During a trip to the Chicago area last weekend, I found time to stop in a Tiger Direct outlet store and browse around. It turns out this particular location sold more televisions than anything else (much to the chagrin of the salesman I spoke with, who said they wanted to carry a better representation of the Tiger Direct product line, but the store couldn’t shake their reputation as the place to shop for a cheap TV). Among a collection of refurbished and closeout TVs near the checkout lanes, I noticed a few Sony 32″ LCD TVs for a surprisingly low price (about $220 each). When I noticed that they featured LED backlighting, four HDMI inputs and had especially nice metal stands, I was sold. Only upon closer inspection did I realize Google TV capability was their primary feature. As someone already using a second generation AppleTV box, I didn’t think I’d make much use of Google TV. After spending some time tinkering with the TV, that’s changed.
By most accounts, Google TV isn’t one of Google’s big successes. Major broadcasters are suspicious of Google’s intentions and as a result, act with hostility, blocking access to their programming. Logitech reports lackluster sales of their Revue set-top box with Google TV (roughly $5 million in first quarter 2011 sales as opposed to expectations of $18 million). Google isn’t giving up yet though. Google CEO Eric Schmidt says the service launches in Europe early next year.
My personal experience with Sony’s Google TV implementation is quite good, despite a few quibbles. Feature for feature, it stacks up very well to my AppleTV. Both devices offer Netflix and YouTube video streaming and the ability to view online photo galleries. Google goes a step further with a feature called leanback, allowing a stream of YouTube videos to display back-to-back, based on user recommendations, without the need to click any buttons between videos. AppleTV offers streaming internet radio by way of menus filled with lists of stations. GoogleTV streams music via Pandora. Both devices also allow using an iPhone or Android phone as a secondary remote control by installing an appropriate remote control app on the phone. Google TV runs Android under Linux, so it also allows downloading and installing new applications from the Android Marketplace. AppleTV, by contrast, only receives new functionality when Apple chooses to release it by way of a free software update. Where Google TV really shines in the Sony implementation is the integration. With the press of a button on the remote, the TV toggles to a split screen view where one half shows broadcast TV while the other half allows web browsing or use of other internet applications. If a magnifying glass button on the remote is pressed while watching TV, the Google Chrome browser launches with search keywords auto filled, based on the content being viewed. Even the TV guide is obtained via the internet, ensuring one is available even for those not subscribed to a satellite or cable TV service where one is already provided.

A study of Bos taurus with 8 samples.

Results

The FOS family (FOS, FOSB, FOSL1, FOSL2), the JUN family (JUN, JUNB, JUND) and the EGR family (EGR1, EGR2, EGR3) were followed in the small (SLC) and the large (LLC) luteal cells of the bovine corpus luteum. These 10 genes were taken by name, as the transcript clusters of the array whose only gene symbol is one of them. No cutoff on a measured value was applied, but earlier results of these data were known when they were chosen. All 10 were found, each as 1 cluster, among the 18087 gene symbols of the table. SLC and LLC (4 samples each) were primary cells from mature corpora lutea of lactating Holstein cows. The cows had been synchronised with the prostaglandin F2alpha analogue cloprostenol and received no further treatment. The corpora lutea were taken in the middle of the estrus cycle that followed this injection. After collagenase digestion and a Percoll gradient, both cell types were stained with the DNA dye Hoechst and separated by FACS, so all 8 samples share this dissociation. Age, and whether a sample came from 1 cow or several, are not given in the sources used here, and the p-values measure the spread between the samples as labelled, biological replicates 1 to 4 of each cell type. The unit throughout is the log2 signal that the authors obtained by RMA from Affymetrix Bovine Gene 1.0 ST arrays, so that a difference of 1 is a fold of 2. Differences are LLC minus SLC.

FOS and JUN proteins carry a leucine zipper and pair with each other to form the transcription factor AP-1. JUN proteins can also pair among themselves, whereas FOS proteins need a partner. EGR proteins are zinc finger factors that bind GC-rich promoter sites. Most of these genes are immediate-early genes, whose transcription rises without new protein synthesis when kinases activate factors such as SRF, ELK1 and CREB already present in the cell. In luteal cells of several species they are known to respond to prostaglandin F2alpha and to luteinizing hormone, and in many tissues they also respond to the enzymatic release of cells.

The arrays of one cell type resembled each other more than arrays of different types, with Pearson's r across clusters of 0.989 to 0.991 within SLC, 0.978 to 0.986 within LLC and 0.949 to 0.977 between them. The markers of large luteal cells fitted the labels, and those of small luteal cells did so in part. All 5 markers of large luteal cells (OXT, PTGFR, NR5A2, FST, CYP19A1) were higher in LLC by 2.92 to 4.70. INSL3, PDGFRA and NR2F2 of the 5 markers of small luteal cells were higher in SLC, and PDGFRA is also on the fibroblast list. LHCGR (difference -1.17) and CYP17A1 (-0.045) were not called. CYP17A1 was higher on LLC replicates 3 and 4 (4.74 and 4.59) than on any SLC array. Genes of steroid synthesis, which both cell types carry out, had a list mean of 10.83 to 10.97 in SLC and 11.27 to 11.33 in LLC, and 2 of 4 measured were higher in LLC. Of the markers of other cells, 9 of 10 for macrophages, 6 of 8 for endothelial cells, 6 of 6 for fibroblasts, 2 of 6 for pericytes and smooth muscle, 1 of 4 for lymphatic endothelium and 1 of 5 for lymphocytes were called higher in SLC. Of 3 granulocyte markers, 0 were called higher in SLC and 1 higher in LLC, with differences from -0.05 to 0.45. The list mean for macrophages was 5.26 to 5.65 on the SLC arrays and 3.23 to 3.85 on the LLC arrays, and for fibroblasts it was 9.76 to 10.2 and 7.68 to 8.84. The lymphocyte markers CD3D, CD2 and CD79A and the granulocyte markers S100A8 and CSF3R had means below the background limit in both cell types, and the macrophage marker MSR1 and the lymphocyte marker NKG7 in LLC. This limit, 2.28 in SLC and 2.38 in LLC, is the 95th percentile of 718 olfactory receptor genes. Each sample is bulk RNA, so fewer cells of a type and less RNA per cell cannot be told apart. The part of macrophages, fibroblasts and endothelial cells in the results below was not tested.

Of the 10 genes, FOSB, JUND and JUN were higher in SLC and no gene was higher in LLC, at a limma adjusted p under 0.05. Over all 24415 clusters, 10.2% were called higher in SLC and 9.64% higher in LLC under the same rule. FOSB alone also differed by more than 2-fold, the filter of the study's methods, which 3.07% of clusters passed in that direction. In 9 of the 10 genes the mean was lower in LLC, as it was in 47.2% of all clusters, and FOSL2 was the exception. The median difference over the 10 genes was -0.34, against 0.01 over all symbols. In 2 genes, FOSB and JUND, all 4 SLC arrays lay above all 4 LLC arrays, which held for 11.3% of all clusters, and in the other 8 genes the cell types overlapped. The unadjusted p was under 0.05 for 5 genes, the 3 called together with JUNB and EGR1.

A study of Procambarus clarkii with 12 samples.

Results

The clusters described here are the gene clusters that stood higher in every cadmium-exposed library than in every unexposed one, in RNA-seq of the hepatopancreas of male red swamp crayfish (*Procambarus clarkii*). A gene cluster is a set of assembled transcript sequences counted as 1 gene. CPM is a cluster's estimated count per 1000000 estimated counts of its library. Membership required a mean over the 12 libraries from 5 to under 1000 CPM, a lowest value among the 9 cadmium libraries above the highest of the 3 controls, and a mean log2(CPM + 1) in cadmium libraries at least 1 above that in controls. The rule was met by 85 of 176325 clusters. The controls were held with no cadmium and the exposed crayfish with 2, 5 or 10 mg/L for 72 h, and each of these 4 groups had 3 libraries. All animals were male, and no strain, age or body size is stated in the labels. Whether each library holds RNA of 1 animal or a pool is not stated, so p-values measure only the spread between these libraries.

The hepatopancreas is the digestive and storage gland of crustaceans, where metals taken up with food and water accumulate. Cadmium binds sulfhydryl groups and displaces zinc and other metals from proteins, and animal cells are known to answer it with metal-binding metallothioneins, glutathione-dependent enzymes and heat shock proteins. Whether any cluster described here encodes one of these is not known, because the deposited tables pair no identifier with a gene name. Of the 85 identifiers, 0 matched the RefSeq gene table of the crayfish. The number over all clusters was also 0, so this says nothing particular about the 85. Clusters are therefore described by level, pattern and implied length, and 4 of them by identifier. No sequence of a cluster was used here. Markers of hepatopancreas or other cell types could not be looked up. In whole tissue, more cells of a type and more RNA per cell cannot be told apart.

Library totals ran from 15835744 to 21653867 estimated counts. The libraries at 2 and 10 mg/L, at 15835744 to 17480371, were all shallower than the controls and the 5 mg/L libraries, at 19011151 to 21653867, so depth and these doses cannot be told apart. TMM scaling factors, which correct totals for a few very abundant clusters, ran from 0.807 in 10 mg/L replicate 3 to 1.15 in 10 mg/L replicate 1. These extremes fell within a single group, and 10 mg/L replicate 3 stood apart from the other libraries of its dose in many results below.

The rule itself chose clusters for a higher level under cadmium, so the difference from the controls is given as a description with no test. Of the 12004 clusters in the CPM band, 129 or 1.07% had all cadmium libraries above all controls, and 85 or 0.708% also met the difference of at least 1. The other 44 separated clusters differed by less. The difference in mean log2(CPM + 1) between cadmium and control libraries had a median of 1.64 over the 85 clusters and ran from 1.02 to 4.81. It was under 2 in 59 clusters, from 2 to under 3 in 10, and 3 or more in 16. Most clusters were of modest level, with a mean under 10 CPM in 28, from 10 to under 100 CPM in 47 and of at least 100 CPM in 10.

On the downside? I’d like to see less confusing menus. The Sony remote has two directional pad controllers on it (vaguely mimicking the design of a PlayStation controller), along with a miniature QWERTY keyboard, a couple of rectangular rocker switches for channel and volume changes, and other miscellaneous buttons. Pressing the right-hand pad’s menu icon brings up a small menu bar along the bottom of the TV display, but it offers only a few functions. Options for adjusting the picture’s contrast, brightness and color temperature are, oddly, found buried under a different “Home” menu that also displays all of the Android apps available on the TV.
The fact that the TV really has a full-blown computer (Intel Atom 1.6 Ghz processor) inside also poses some power consumption issues. During its initial setup, a wizard asks if you’d prefer to have the set power itself completely off when the power button is pressed or simply turn the LCD screen off. If you opt for the former, you save 85 watts of power the set uses in a standby mode, but you’ll be forced to wait a painful 45 seconds for the set to boot up whenever you turn it on.
All in all, I’m not sure Google TV is a compelling reason to purchase a separate piece of equipment, but it certainly enhances an existing TV set. Devices like the AppleTV, with their basic remote controls and straightforward menus, are far easier for the non-technical user to navigate. But the enthusiast should love the flexibility of installing custom apps on a Google TV enabled set and the ability to web surf with a full alphanumeric keyboard.